In the province with Canada’s “poorest postal code” and poorest families, a SFU economics professor thinks it’s time B.C. high schools began teaching their students about the economics of homelessness.

Learning about Homelessness in British Columbia is a free online teaching guide released today designed especially for Civics 11, Social Studies 11, Economics 12, First Nations 12, Law 12, and Social Justice 12 courses.

“There’s not a lot known about homelessness in Canada, particularly in the economics of homelessness, so it’s kind of difficult for a person doing research, like a high school teacher, to really go out there and come up with anything that’s really trustworthy. So it seemed like packaging it would allow them to be more affective in the classroom,” SFU* Economics Prof Krishna Pendakur, who came up with the idea for the resource, told the Tyee.

Pendakur and educational consultant Jennifer Hale developed the guide over two years with funding from the Social Sciences and Humanities Research Council of Canada. It includes a 100-page background document for teachers, and seven to 11 lesson plans for each course.

While some of the courses, such as Social Justice 12 and First Nations 12 might attract students with a strong social conscience, Pendakur says he purposefully picked courses students unaware of the causes behind homelessness might attend. Those that do take it will be in the minority in Canada: it’s only available for B.C. students.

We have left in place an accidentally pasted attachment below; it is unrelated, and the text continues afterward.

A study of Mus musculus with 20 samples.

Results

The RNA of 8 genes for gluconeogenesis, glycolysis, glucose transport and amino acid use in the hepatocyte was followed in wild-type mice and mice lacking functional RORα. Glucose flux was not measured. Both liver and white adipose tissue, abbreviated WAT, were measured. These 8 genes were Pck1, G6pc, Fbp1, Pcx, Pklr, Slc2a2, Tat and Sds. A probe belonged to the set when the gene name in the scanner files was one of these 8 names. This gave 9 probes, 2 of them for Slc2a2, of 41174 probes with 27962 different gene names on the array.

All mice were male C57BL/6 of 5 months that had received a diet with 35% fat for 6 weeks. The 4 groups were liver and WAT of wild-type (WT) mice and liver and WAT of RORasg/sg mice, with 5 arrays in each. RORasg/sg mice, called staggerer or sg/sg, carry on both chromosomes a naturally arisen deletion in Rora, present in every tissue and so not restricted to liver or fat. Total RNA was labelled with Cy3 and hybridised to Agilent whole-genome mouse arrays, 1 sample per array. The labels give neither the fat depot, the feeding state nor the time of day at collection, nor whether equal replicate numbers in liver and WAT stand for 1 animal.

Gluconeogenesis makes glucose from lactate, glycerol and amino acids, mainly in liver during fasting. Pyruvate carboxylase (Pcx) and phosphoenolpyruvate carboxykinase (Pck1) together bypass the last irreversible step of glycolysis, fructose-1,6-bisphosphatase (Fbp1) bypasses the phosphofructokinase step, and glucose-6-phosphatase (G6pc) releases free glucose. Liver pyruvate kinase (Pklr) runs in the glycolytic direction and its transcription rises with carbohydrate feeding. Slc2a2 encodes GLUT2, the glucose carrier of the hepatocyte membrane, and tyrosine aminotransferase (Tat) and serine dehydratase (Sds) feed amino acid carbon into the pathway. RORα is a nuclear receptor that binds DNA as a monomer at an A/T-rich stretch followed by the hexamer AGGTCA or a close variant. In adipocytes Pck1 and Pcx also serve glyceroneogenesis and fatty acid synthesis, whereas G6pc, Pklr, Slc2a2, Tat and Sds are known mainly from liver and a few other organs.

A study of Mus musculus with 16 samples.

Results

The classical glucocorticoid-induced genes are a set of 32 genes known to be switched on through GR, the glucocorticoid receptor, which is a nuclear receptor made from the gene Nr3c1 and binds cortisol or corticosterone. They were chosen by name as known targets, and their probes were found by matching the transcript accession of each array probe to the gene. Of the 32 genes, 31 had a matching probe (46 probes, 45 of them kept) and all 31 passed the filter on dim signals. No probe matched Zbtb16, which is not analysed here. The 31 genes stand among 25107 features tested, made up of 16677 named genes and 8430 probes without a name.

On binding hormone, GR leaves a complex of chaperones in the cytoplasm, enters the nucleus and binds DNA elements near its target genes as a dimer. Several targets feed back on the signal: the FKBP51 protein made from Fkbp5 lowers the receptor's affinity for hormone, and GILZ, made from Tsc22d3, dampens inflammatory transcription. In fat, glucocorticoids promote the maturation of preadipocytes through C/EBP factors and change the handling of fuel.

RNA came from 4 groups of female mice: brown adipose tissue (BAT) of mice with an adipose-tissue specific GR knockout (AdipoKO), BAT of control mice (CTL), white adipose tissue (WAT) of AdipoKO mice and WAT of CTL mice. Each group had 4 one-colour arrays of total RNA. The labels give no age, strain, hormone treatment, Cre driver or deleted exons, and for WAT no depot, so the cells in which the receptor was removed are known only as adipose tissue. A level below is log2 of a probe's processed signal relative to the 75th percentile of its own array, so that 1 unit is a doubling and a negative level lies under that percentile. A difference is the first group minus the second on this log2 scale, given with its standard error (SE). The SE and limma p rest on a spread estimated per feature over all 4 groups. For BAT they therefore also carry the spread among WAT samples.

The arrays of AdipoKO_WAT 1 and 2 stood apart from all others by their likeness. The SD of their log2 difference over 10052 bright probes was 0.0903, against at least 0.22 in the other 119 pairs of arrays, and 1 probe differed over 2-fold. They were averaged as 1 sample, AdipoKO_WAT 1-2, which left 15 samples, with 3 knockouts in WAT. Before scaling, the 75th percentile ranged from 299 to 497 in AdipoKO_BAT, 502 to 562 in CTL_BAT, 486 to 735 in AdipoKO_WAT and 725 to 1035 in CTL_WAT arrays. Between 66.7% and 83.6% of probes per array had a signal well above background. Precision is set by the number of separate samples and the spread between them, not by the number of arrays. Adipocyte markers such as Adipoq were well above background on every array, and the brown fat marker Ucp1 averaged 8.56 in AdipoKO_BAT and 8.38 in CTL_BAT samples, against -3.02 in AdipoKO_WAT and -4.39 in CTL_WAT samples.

“As far as we know, this is the only resource available suited to Canadian senior high school classrooms,” he told the Tyee. “But since each province in Canada and each state in the U.S. has a different set of prescribed learning outcomes for each course, it’s difficult to make something that is actually going to be useful to teachers everywhere.

But despite educational differences, the causes behind homelessness remain the same. Pendakur says U.S. research shows that despite variations in homeless populations across the country, the core reason for homelessness in each area was the gap between income and rental rates. It’s a problem that—as residents of the province with the lowest minimum wage and some of the highest rental rates in the country—B.C. students will deal with once they graduate.

“I hope the outcome is that they don’t feel powerless to deal with it, that they don’t feel like this is some kind of intractable problem, but rather that they feel like this is a choice that we make as a society,” Pendakur told the Tyee. “We kind of choose via electoral governance how much social housing that we’d like to have. And we choose how much we’d like to redistribute from rich to poor, and we don’t have to make the choices that we’re choosing.”

*The Tyee originally reported the Krishna Pendakur was a UBC professor. We apologize for the error.